Into the Woods

Did you know that 2011 is the UN International Year of Forests? There are so many years of this and that these days, you would be forgiven to have missed this one. But there are good reasons the UN is highlighting the importance of forests; Millions of people depend directly on forests for their livelihood, and we all depend indirectly on forests to provide food, water, air, shelter and more. And as any eco-aware person will tell you, the world’s forests are hotspots of biodiversity as well as carbon sinks.

backyard forest
The forest near my flat

“The world’s forests” tends to evoke rainforests in the Amazon or Borneo, or maybe the vast boreal forests of North America and Russia. But we don’t have to go that far to see a forest – Singapore has many types of forest too, ranging from small pockets of primary rainforest and mangroves to coastal and secondary forests. But you don’t even have to go to Bukit Timah or Labrador Park – chances are you have a forest right in your backyard or at least within walking distance of your home or workplace.

Some biologists may scoff at the idea of calling a green patch in the middle of the city a forest, but that all depends on your perspective. If you are a termite, a centipede, or even a squirrel or a bat, you don’t have to worry too much if your bunch of trees is surrounded by more trees or roads and carparks. And similarly, if you don’t insist on seeing tapirs and tigers, you can get a full forest experience out of your neighbourhood woods. One of my own favourite spots is a small tree- and shrub-covered area right next to my block of flats, which is packed with spiders, lizards, birds and stray dogs that provide food for the plentiful mosquitoes.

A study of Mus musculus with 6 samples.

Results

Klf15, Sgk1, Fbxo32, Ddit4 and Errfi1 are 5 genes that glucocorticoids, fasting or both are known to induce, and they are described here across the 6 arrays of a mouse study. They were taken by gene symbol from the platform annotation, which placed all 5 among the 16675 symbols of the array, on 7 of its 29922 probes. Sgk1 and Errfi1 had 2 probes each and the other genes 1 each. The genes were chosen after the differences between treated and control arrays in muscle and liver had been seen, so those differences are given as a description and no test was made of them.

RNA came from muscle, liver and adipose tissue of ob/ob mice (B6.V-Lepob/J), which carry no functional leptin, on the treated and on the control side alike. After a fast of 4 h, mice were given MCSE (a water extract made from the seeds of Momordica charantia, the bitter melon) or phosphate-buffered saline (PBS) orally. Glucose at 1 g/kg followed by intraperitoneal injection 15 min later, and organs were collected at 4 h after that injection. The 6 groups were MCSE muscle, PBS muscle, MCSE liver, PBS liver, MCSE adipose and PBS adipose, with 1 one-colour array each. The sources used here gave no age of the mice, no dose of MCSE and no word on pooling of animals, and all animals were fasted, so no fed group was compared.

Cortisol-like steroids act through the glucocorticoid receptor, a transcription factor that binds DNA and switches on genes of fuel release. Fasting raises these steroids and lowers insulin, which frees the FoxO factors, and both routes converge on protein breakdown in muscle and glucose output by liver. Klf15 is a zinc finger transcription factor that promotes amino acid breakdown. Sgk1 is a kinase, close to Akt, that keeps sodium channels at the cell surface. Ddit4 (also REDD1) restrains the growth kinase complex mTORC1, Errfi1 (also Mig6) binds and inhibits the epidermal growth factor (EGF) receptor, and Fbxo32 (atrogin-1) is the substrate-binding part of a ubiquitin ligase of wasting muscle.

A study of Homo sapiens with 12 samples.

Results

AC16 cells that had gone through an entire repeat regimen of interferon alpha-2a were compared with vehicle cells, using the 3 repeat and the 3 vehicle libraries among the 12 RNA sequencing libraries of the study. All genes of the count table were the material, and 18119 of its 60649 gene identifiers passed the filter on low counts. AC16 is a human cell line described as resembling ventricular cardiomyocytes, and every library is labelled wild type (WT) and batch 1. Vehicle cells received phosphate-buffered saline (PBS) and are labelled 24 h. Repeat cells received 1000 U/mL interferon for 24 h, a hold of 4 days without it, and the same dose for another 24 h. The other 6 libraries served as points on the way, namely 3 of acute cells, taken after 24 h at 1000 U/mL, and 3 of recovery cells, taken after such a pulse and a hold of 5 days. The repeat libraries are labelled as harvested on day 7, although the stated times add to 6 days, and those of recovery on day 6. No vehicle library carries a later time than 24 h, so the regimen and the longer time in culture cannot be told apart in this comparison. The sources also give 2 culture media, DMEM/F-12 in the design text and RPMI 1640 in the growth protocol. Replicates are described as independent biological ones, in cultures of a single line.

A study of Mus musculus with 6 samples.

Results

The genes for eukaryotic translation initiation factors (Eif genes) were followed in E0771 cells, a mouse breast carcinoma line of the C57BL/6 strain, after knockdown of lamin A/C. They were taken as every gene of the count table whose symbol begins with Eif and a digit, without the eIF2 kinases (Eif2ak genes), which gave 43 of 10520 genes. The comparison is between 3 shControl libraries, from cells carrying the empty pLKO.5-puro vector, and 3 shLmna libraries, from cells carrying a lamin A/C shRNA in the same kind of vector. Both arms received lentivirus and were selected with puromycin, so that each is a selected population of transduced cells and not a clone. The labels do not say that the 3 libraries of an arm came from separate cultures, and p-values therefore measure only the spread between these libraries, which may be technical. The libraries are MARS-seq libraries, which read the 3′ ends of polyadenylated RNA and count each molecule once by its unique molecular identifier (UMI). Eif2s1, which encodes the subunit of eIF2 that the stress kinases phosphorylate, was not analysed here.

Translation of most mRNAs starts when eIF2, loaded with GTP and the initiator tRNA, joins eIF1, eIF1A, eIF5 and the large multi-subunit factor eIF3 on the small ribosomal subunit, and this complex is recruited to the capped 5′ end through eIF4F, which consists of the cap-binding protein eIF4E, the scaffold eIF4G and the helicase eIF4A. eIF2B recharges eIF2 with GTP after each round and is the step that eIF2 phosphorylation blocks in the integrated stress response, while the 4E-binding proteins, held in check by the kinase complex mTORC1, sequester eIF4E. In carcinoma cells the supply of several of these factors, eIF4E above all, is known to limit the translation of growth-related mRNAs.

Macrotermes sp
A healthy colony of Macrotermes termites harvesting dead wood

Whichever perspective you have on forests, the upcoming Public Forum organised by the Singapore Institute of Biology (SIBiol) and the Science Centre this Saturday promises to be very interesting.  There will be a talk on the impacts of climate change on Singapore’s ecology, and another talk on forest conservation in Singapore. Admission is free, but online registration is required.